Taking control of painful symptoms is challenging under even the best of circumstances. Yet, taking affirmative steps in this regard can be empowering. These five tips can help you manage your pain both on your own and in connection with others.
1. Become aware of your baseline pain and create a self-care plan. Gain familiarity with your symptoms. This will allow you to recognize when further intervention or changes need to be made, or if your treatment is working. Next, develop a self-care plan. Create a schedule, routine, or checklist for your treatment so that you can comply with your physician's directions and engage family and friends where you may require assistance.
2. Self-manage your pain alongside a comprehensive treatment plan. A comprehensive treatment plan can empower your health. There are many components that can go into a treatment plan such as proper diet and exercise. Another way to keep up with an active lifestyle is to make massage part of your daily routine. In fact, according to research, a significant reduction in pain levels can be achieved with therapeutic massage. In addition to relieving tension, massage can help decrease swelling and improve blood circulation to promote the healing of soft-tissue damage, bruising and muscle fatigue. It also helps improve flexibility and mobility faster while reducing overall stiffness.
Massage can also impact the healing process by improving relaxation, sleep, emotions and overall recovery. There are many options for massage, and often at-home tools may be the most convenient for individuals who are limited by function or time. For example the Wahl Deep Tissue Massager is a useful tool to add to a pain management regimen that's convenient, cost-effective and respectful of your busy schedule.
3. Communicate your limitations to people close to you. By communicating clearly to your close friends and family, misunderstandings and stigma can be avoided. Clear communication can create a path toward additional support for better health outcomes. Pain is a subjective phenomenon, and until you communicate about it to your doctors, they cannot help you make a road map to reach your destination of pain relief. Communicating about your pain will help you garner support and it is the first step to alleviate the cycle of mental stress related to your painful symptoms.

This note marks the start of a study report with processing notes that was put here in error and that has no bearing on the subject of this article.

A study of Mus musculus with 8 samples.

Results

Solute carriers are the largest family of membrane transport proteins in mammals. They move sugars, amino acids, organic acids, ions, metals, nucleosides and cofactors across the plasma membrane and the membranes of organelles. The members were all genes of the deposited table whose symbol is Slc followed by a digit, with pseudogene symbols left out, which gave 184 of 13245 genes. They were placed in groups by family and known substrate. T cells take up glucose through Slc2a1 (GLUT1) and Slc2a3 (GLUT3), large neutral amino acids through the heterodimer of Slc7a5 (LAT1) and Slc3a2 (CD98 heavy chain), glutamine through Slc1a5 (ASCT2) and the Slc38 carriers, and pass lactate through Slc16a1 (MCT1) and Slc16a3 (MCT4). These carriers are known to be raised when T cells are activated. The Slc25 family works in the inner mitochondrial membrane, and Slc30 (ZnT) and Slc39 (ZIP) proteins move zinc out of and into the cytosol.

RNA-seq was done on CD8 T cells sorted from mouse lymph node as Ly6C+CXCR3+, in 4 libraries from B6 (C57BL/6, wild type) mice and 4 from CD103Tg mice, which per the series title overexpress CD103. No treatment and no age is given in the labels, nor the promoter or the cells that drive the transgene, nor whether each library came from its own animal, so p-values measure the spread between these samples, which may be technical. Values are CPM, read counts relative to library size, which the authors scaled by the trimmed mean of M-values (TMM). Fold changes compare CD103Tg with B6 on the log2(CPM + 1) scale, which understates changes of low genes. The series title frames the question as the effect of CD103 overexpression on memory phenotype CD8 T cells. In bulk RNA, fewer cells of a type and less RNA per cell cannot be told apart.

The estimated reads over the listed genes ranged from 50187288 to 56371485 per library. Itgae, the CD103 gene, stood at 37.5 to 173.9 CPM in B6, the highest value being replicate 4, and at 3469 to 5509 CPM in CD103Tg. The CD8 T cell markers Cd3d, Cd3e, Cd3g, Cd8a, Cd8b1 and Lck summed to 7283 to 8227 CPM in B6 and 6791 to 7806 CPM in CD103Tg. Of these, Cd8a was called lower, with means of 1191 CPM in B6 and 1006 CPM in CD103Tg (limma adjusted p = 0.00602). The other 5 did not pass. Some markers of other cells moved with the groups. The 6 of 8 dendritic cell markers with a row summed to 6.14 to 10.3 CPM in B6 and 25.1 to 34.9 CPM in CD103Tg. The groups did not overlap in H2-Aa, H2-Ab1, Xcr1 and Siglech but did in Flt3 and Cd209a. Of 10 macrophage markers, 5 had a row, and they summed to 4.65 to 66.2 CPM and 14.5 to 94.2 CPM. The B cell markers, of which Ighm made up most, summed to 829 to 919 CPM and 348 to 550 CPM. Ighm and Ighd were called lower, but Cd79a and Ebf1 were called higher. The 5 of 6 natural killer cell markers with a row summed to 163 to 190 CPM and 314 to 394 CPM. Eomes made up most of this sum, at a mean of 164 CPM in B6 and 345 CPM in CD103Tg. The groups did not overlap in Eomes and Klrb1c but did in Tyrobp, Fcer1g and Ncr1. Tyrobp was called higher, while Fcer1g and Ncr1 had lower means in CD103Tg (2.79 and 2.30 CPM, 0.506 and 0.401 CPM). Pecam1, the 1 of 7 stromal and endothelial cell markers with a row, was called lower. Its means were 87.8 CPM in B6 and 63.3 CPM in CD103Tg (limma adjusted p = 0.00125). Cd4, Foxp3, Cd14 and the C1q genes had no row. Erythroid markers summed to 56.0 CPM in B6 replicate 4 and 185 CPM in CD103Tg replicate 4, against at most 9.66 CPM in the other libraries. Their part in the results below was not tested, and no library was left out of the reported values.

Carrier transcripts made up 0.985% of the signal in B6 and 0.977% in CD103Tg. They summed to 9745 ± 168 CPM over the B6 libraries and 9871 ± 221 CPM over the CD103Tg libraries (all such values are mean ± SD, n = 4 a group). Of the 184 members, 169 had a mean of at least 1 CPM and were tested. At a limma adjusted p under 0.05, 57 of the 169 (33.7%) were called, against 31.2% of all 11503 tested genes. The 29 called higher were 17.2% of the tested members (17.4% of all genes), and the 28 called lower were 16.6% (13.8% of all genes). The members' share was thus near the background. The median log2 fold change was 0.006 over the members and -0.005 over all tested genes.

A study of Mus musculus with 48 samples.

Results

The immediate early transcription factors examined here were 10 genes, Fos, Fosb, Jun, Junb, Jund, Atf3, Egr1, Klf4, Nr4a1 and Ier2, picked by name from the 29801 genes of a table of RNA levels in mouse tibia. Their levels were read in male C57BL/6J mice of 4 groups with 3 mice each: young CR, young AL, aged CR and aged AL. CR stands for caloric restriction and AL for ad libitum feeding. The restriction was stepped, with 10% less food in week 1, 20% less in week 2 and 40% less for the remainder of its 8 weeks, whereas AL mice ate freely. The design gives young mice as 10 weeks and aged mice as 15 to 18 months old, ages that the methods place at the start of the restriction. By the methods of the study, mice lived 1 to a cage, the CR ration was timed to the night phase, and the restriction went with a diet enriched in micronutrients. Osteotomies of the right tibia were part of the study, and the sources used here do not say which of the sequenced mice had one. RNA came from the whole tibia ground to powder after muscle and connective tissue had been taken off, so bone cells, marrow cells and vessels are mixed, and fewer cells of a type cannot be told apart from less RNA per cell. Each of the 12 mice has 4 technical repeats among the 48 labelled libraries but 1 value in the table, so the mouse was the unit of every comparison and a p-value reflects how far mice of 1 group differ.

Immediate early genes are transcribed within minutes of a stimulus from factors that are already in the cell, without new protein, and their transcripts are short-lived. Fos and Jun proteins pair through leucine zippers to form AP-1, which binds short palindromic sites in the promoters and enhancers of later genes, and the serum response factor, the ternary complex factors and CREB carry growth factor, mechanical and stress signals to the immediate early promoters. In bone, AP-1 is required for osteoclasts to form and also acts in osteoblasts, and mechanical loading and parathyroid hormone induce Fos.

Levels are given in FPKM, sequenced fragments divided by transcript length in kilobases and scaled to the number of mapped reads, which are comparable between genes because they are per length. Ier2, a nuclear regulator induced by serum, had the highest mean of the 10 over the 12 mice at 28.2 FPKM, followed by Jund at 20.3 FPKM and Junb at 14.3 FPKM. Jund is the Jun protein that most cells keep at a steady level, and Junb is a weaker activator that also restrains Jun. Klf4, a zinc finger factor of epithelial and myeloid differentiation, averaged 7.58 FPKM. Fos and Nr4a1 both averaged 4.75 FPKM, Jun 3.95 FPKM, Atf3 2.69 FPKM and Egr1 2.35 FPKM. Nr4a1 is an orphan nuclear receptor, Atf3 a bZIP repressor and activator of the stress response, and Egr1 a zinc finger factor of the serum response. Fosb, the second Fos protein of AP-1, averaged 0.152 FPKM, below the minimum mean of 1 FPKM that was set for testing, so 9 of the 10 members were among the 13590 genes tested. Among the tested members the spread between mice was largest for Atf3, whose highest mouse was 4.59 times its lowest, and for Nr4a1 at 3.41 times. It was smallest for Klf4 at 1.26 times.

4. Create a goal-oriented daily routine that you can achieve. Setting a reasonable framework will help you cope with your pain and stress in an effective manner. Clarifying roles and responsibilities for yourself and those within your support network can ease anxieties that could exacerbate pain. Perhaps you are taking on a function that is better delegated, oralternatively, maybe an already delegated task could be better accomplished on your own. Creating reasonable expectations for the people in your circle can help you ultimately gain traction in your health goals.
5. Learn coping mechanisms to address your mental health wellness. Coping is key to dealing with chronic pain. There are negative emotional consequences of chronic pain that require one to think positively and practice gratitude. Meditation can give you a spiritual experience and support. The regular practice of meditation creates a relaxation reflex. It calms your mind and releases tension in your body tissues. Practice positive affirmations and continue to stay focused on your goals to better health.
Additionally, music therapy can be a useful way to supplement a comprehensive pain treatment plan. Listening to the music of your choice can help your body calm and release the tension in your muscles. As suggested by a research study, music interventions may provide a practical complementary approach for the relief of acute, procedural and chronic pain management. These are only a few examples of coping mechanisms which you may choose to integrate into your treatment plan.
Dr. Anita Gupta is an pain anesthesiologist and pharmacist. More: anitagupta.com.
The foregoing does not create a doctor-patient relationship and is not intended to replace any guidance from your own treating physicians.